Dashed Hoop Dreams 

Raw brains beat cocky experience in the NBA 2K7 match-up of Dan the Automator vs. Press Play.

Unexpected beatdowns deeply scar the brain. One minute you're walking the usual route home from school, and the next second — wham! — you wake up in the hospital with your skull stapled shut. That walk home will never be the same.

I'm thinking about high school beatdowns as I get stomped like a Guantánamo detainee by world-famous Bay Area producer Dan the Automator. The tall, casually dressed Japanese American is in the Express conference room with me and a PlayStation 2, discussing his new project wherein he produces seventeen local and national rap acts for the music inside NBA 2K7, Take Two Interactive's new basketball videogame. Naturally, I assumed the veteran producer would have no skills whatsoever and I could whomp up on him whilst doing a pithy interview. Yet here I sit, down fifteen points at the end of the first half in an East Bay battle of Dan's Golden State Warriors against my Sacramento Kings.

The Bernal Heights resident claims he's skill-less on account of playing 2K7 only once and a general disinterest in gaming. He tosses up the occasional full-court air ball instead of hitting the "pass" button, and even has trouble picking a team. Yet his knowledge of the real Warriors' strengths and the Kings' weaknesses has him slowly pulling ahead. I try to distract him with questions about the origin of the project. "Videogames, they sell a million copies, and records don't sell that many," Dan says. "Anything that allows me to not be beholden to a major label is good. Labels are in such trouble these days, it's nice to do other things."

After loosely curating the NBA 2K6 soundtrack, which was one of the strongest compilation albums of 2005, Dan says Take Two called him back to do something more in-depth. He chose a rapping dream team, produced all the beats and instrumentals for them to rap over, instructed them to branch out according to his vision, and sewed up the final product.

Over the course of little more than five weeks, Dan had Mos Def, E-40, Lupe Fiasco, Zion I and Hieroglyphics, and other big stars send in their work while he did production on ProTools from home, New York, and pretty much anywhere in between.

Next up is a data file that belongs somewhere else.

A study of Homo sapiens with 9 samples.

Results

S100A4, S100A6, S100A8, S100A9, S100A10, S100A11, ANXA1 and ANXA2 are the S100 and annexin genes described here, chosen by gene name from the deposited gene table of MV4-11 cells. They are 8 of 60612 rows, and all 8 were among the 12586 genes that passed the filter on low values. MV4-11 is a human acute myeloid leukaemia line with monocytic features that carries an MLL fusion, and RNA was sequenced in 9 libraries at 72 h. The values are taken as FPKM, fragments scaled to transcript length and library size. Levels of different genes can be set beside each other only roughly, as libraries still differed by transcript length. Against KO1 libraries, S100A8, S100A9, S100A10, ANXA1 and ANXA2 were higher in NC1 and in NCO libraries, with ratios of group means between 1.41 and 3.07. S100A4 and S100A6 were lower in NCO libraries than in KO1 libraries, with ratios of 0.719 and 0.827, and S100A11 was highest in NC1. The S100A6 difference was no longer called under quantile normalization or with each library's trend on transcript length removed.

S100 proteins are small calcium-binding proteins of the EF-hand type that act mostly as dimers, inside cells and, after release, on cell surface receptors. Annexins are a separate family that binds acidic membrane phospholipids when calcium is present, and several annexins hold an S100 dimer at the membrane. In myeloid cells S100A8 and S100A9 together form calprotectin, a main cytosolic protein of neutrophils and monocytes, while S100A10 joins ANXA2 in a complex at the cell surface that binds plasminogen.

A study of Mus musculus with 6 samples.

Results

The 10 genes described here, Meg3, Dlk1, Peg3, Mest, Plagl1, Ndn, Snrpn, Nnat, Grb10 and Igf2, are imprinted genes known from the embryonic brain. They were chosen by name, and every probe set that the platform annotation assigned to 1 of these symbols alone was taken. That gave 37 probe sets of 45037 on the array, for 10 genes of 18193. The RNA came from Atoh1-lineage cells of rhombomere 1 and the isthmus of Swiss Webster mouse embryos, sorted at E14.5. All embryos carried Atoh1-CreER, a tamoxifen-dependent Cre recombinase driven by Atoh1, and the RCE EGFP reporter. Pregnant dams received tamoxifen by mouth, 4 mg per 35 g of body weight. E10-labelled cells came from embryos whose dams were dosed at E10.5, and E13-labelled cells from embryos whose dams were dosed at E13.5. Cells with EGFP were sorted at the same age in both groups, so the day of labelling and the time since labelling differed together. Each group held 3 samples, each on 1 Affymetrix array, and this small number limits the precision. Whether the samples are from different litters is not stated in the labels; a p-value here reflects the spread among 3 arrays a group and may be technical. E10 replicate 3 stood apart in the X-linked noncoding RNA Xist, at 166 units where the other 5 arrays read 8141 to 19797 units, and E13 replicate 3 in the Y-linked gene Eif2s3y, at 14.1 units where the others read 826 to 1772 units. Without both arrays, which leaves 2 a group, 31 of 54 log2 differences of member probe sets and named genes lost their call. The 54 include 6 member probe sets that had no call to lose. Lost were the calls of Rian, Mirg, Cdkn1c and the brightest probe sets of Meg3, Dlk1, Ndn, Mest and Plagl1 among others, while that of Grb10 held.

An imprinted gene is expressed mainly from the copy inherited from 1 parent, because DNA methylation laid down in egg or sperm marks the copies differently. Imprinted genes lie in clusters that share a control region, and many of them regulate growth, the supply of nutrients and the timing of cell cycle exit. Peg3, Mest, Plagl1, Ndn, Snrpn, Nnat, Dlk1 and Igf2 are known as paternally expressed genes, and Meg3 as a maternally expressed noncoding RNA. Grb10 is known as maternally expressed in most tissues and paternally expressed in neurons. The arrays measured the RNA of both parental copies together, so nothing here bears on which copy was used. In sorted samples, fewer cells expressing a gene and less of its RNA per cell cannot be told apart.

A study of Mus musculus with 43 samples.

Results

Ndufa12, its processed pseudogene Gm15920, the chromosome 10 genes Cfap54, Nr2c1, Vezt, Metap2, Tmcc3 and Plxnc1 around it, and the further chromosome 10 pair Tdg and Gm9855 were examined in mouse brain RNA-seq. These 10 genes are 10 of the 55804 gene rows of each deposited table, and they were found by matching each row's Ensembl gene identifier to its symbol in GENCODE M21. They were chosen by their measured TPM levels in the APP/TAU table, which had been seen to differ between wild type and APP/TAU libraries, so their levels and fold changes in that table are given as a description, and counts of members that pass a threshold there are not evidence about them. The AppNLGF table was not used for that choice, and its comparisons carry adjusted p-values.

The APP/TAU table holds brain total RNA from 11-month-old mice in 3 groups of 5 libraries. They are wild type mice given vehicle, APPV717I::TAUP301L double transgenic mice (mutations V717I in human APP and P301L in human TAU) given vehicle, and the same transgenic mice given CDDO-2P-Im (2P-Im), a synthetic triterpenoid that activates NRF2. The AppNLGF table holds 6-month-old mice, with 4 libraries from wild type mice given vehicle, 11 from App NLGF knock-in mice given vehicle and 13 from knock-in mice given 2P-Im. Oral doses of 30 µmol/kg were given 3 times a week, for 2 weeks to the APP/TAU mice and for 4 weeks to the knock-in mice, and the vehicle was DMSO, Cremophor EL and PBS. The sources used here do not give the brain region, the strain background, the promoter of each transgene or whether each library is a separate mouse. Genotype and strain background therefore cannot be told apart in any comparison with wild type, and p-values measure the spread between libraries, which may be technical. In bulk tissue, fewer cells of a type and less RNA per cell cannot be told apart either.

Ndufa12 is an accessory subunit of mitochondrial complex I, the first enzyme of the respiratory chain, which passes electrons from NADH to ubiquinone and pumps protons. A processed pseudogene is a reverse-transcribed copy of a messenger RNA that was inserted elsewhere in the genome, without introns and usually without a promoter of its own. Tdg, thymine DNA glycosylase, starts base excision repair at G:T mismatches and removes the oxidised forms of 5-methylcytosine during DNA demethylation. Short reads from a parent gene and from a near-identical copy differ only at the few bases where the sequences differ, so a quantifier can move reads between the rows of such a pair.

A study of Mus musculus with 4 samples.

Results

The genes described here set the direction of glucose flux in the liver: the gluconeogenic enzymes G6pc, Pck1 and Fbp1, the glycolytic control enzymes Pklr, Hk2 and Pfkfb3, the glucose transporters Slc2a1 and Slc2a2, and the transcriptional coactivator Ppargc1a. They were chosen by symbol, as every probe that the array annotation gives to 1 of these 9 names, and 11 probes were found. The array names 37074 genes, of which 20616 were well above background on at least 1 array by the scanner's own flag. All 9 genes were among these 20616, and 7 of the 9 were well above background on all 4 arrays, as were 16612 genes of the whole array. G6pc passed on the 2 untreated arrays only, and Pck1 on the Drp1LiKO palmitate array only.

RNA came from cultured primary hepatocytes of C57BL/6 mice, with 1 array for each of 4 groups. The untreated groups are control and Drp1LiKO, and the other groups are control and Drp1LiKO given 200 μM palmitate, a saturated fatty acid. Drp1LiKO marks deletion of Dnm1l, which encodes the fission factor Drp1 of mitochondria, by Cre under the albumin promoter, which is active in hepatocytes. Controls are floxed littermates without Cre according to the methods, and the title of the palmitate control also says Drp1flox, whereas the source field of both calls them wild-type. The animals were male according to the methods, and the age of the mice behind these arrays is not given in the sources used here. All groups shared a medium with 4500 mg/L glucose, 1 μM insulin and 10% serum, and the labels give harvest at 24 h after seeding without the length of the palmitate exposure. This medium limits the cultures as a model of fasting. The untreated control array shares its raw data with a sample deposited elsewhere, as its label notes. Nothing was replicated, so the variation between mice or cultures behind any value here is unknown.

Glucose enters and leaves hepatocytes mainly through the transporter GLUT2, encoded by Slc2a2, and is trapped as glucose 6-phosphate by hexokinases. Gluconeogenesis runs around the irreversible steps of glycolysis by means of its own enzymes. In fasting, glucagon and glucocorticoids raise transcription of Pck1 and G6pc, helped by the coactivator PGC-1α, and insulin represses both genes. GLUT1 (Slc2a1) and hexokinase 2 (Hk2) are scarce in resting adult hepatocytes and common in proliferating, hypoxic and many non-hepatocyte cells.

"I never did a record like this before," he says. "Because we had five weeks, I wasn't able to bring in anybody [to the studio], and to be honest, it's not my way of doing records. I don't enjoy it. But on the other hand, having those particular constraints was a cool challenge."

Dan says the highest-caliber albums come from long, in-studio collaborations, such as his iconic Deltron 3030 with Richmond's Del the Funkee Homosapien. He says he can tell when rappers mail in their vocals, such as with Kool Keith's latest fiasco, The Return of Dr. Octagon. "That wasn't a Dr. Octagon record," Dan says. "Dr. Octagon is me, Kool Keith, and Q-Bert. The label didn't have the legal right to use the name, but I didn't want to get involved in a legal battle."

You and Keith still friends? I ask. "Keith's my man, just trying to make a little bit of money."

Sandbox censorship from the corporate videogame overlords further hampered the rawness of NBA 2K7: The Tracks, Dan says. Millions of copies are shipping to children across the country, so rapping about bitches, hos, money, guns, and cars was banned.

"By the end, it was kind of almost arbitrary," he grouses. "Like, we couldn't use the word 'green' for money. Another thing that wasn't allowed was the word 'foul.' It's a sports game, right? It was kind of a drag."

The time constraints and censorship explain a lot about the final PG-rated product, which goes heavy on high-tempo anthems like Mos Def and Anwar Superstar's "Here Comes the Champ." Dan has crafted hook-filled sonic wallpaper designed to fit the paradoxical goals of insistent music that doesn't interfere. That takes music skills as cerebral as his love of sports — and it's apparent Dan is an avid sports follower.

Neither a fantasy football player nor a gambler, the Automator moves slowly and methodically on the court. There are no big crosses or and-ones. Like a high school basketball coach, he patiently works the Warriors up the court, passing around to Davis when he's open and making each shot every time. By contrast, I run Bibby like a Harlem Globetrotter, setting fruity picks and attempting big threes and dunks. NBA 2K7 is thinking man's basketball, and I get ruined by three-in-the-key calls, out-of-bounds whistles, and offensive fouls. "No more questions, Dan," I say, and make a frenzied, desperate push.

By the end of the fourth, we're shooting a similar 49 to 46 percent, Davis and Bibby both have 31 points, but I've turned the ball over 23 times to his 4.

The final score: Automator 66, Press Play 44. An absolute stomping. "Never played the game" my ass.

"Leave, Dan, and don't come back," I say in my head. But he's a gracious, silent winner, and I want him to come back for more on the new Deltron project (very far along, he says; it'll be finished by the end of this year). I also want a rematch when he tracks NBA 2K8, for which I'll be studying up.

Unexpected beatdowns deeply scar the brain, but revenge heals all wounds.